Simone Biles may not have won a gold medal in Tokyo, but wins gold by taking control of her own mental health
By Victor Ortiz, Jr.
Sacrifice is not new to Olympian gymnastic competitor Simone Biles and she bravely exercised this by removing herself from several 2021 Tokyo Olympic Games competitions.
Regarded by many as the best gymnast of all time, Ms. Biles, 24, citing mental health reasons, began pulling out of Olympic competition events on July 27 after she stumbled on a vault routine, while progressively eliminating herself from additional events through Aug. 1 and has since then obtained positive support by fans and spectators over a psychological subject that has been stigmatized.
“You’ve shown the world how talented and hard-working you are. Now you’ve shown us that your mind is even stronger on the most public of stages,” said Jared Padalecki on Twitter.
“You just helped countless people learn that mental health is more valuable than any medal. Way to go champ!”
Another Tweet posted from the account of celebrity, Maureen McCormick, mentioned, “You are the true embodiment of a real-life hero! I respect you so much! Sending you all my love.”
Mental health is a topic that has received mixed signals in the past and recently has garnered more positive attention since the onset of the COVID-19 pandemic due to human isolation and social distancing.
Medical journal, The Lancet, reported in 2016 that people who are diagnosed with a mental health condition suffer more from judgement rather than from their diagnosis and according to the American Psychiatric Association a little over 50 percent of individuals do not seek help for mental illness often because of differential treatment by others or fear over loss of employment.
Individuals do not seek mental health support that might be needed due to a series of stigmatic reasons, including:
- Negative self-talk brought on by judgement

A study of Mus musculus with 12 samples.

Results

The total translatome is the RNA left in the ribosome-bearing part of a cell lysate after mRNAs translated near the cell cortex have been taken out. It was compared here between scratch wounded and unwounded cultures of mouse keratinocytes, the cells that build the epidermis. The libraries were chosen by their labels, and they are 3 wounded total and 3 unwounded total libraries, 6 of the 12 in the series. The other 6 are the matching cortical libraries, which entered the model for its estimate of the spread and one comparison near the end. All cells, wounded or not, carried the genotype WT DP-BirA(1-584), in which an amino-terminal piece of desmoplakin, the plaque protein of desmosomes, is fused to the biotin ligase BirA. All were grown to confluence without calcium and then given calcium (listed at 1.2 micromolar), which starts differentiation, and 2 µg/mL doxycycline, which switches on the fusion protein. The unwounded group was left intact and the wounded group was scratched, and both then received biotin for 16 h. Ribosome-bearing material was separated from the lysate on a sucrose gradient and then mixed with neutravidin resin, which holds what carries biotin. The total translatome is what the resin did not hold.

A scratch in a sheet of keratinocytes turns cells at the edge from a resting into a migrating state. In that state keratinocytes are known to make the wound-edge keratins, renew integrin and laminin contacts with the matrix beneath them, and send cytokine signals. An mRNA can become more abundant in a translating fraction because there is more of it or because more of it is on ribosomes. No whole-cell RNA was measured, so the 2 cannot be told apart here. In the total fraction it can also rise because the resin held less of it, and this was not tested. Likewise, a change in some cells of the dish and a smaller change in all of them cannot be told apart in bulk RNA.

Issues also extend to community due to either embarrassment to patient families over neighborhood reputation or trust of treatment itself.
Black Americans for example have long held a distrust toward the U.S. healthcare system due to the unethical treatment of Black men participating in the Tuskegee Study. Study participants were both deceived and purposely left untreated, which caused irreversible health issues and premature death over the course of several decades.
An article focused on student athlete mental health stigma—particularly in minorities—and published by the Journal of College Student Psychotherapy earlier this year mentioned that past studies have found gender to be linked with reluctance to receive treatment, whereas females are a lot more likely than males to seek mental health treatment. Additionally, 78 percent of student minority athletes admit to needing mental health treatment, but only 11 percent seek out treatment.
Mental health stigma is when someone, including oneself, views it as negative and thus results in ill perceived judgement or opinion overall.
Negative views regarding mental health can be reduced several ways such as offering education and speaking about it more. The Mayo Clinic, along with other reputable sources, have published helpful information online to help guide those suffering from a mental health struggle.
Big Hollywood names like Demi Lovato, Leonardo DiCaprio, Lady Gaga and others alike have expressed their experiences with the condition.
“It’s very important we create conversations, we take away the stigma, and that we stand up for ourselves if we’re dealing with the symptoms of a mental illness,” Lovato mentioned to Variety in Feb. 2017.
Variety had interviewed Lovato regarding a documentary focused on the personal struggles of people suffering from the condition.
“It is possible to live well and thrive with a mental illness.”
On the world stage, Ms. Biles, too, now has joined the many individuals who have displayed a spark of courage that further highlight the importance of receiving proper mental health treatment, so that others can find similar strength as well.
Biles is a highly decorated gymnast whose extraordinary skill aided her rise to global fame at the Olympics in Rio 2016, where she won four gold medals and one bronze, while also displaying a move she authored, “The Biles.” She is not new to adversity and has shown that in darkness one can be elevated through strength, courage, and support.
“The outpouring love and support I’ve received has made me realize I’m more than my accomplishments and gymnastics which I never truly believed before,” Ms. Biles tweeted.
Biles did not win a gold medal in the current Olympics by displaying her superior physical skills in gymnastics, but she did win gold in the hearts of many by showcasing mental strength and grit in being honest with herself, while opening up regarding her recent struggles with mental health.
Biles was awarded bronze after she participated in the balance beam final today.
“I didn’t expect to win a medal today. I just wanted to go out and do it for me, and that’s what I did,” said Biles to KJZ.